Panchayati Raj Institutions (PRIs) are institutions of local self governance existing since centuries in the rural India. In 1959, Rajasthan became the first state of India to give legal recognition and empowerment to the village panchayats. Other states too created their own models and followed the league. However, it was only with the 73rd Constitution (Amendment) Act 1992 that the Panchayati Raj Institutions got the recognition in the Constitution of India. The amendment added Part IX (Article 243 A-O) titled Panchayats to the Constitution. It also added the 11th Schedule listing 29 subjects that may be devolved to the PRIs by the state legislatures.
Local Self Governance is a subject in the state list. Thus, some compulsory obligations and a guiding framework was provided by the Constitution, and the state legislatures were left free to determine what powers they would devolve to these institutions of local self governance.
Here is a full pdf copy, of Part IX – The Panchayats and Part IXA – The Municipalities, of the Constitution of India.
Deepening democracy, empowering people
The formalisation of PRIs with the 73rd amendment was not only a historic landmark that deepened democracy, it also changed the rural power dynamics. Article 243D provided for reservation to Scheduled Tribes and Scheduled Castes in proportion to their population. It also mandated reservation of one-third of the seats for women. Over 15 states have actually implemented 50% reservation for women in PRIs.
Article 243 defines Gram Sabha as a body consisting of all persons whose names are included in the electoral rolls of the Panchayat at the village level. A Gram Sabha may exercise such powers and perform such functions at the village level as the Legislature of a State may, by law, provide. (243A)
The 73rd amendment promoted public participation of women and brought power in the hands of backward classes and castes (groups with larger population), from the hands of upper/sanskritic castes which were smaller in population.
A three-tiered Panchayati Raj system is followed in most states:
- Gram Panchayat (village level)
- Panchayat Samiti (tehsil level or block level or intermediate level)
- Zila Parishad (district level)
Panchayati Raj system in the country has evolved with various studies and recommendations by expert committees, finally culminating into the 73rd amendment and its implementation by the states with regional adaptations. Some of the popular committees formed to study Panchayati Raj were:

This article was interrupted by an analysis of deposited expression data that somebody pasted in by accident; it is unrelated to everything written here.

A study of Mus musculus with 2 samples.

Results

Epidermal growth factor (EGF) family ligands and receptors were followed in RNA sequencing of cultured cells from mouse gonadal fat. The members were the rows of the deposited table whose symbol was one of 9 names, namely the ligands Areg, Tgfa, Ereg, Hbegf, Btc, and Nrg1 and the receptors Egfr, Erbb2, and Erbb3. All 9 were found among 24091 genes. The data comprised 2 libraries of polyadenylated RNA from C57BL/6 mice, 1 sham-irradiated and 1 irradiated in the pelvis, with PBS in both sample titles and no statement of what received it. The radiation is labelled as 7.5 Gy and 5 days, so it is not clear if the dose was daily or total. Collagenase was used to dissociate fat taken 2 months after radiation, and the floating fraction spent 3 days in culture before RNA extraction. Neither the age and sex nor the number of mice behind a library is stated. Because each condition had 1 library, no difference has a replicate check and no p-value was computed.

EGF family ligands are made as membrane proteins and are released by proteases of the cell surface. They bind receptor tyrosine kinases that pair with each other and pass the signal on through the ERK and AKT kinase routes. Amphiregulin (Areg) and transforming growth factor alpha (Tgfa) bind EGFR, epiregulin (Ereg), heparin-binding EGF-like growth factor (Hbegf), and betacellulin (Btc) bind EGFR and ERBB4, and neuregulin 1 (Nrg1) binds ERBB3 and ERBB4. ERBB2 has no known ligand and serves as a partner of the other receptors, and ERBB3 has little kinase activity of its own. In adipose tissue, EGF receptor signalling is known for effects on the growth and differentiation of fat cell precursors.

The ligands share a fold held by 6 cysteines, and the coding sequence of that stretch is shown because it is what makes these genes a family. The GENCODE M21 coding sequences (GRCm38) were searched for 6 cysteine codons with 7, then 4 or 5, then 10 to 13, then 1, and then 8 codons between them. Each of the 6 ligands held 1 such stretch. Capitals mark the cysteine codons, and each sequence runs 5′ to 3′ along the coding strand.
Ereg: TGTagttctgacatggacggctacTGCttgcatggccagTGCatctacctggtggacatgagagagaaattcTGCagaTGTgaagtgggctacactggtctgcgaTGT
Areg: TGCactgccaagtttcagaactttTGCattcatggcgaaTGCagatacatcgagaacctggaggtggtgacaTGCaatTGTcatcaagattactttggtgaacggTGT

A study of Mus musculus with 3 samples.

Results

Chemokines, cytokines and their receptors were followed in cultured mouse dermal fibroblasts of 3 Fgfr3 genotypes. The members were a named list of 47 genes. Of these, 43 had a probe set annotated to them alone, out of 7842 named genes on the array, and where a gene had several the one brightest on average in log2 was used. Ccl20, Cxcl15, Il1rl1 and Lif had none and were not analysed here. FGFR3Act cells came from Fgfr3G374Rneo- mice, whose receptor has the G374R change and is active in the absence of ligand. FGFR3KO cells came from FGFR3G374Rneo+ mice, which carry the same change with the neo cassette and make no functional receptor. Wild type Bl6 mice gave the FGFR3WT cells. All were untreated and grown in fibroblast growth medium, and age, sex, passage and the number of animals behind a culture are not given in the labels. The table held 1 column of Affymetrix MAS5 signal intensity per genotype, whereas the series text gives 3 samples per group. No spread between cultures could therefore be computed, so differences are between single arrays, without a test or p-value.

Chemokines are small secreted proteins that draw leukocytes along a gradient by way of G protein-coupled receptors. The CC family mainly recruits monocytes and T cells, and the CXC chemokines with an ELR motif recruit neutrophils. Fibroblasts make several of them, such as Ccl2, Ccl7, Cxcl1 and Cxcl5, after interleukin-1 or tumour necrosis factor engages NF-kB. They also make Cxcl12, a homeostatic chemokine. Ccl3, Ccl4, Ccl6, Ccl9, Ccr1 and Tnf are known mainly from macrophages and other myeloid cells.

- Balwant Rai Mehta Committee 1957
- It was constituted to examine the working of the Community Development Programme (1952).
- It recognised flaws in the implementation of the Community Development Programme, and recommended democratic decentralisation as the way forward for rural development. Its recommendations set the stage for launching of Panchayati Raj Institutions throughout the country, starting with Rajasthan in 1959.
- Ashok Mehta Committee 1978
- The Ashok Mehta Committee recommended that the three-tiered panchayati raj system should be replaced with a two-tiered system consisting of Zila Parishad at the district level, and the Mandal Panchayat consisting of a group of villages.
- LM Singhvi Committee 1986
- PK Thoongan committee 1988
Panchayats (Extension to Scheduled Areas) Act, 1996 – PESA
- The PESA Act extends Panchayati Raj provisions of the 73rd Amendment Act to Scheduled Areas (identified by the Fifth Schedule) with modification.
- It provides such areas self-governance with respect to a number of matters – customary resources, minor forest produce, selection of beneficiaries of a welfare policy, sanction of projects, and control over local institutions. Consent of Gram Sabha is required for Land Acquisition by government in a scheduled area.
State Election Commissions (SECs)
- SECs are constituted under the 73rd and 74th Amendment Act 1992, and exercise powers of supervision of elections for local governance bodies – panchayats and municipalities. Each State Election Commission is governed by a separate Act enacted by the state legislatures.
- A State Election Commissioner is appointed by the state Governor, though he can be removed only by the President of India in a manner similar to that of a judge of a High Court.
- State Election Commissions are distinct from the Election Commission of India, the latter has no role in the preparation of the electoral rolls for or the conduct of elections to the Panchayats and Municipalities.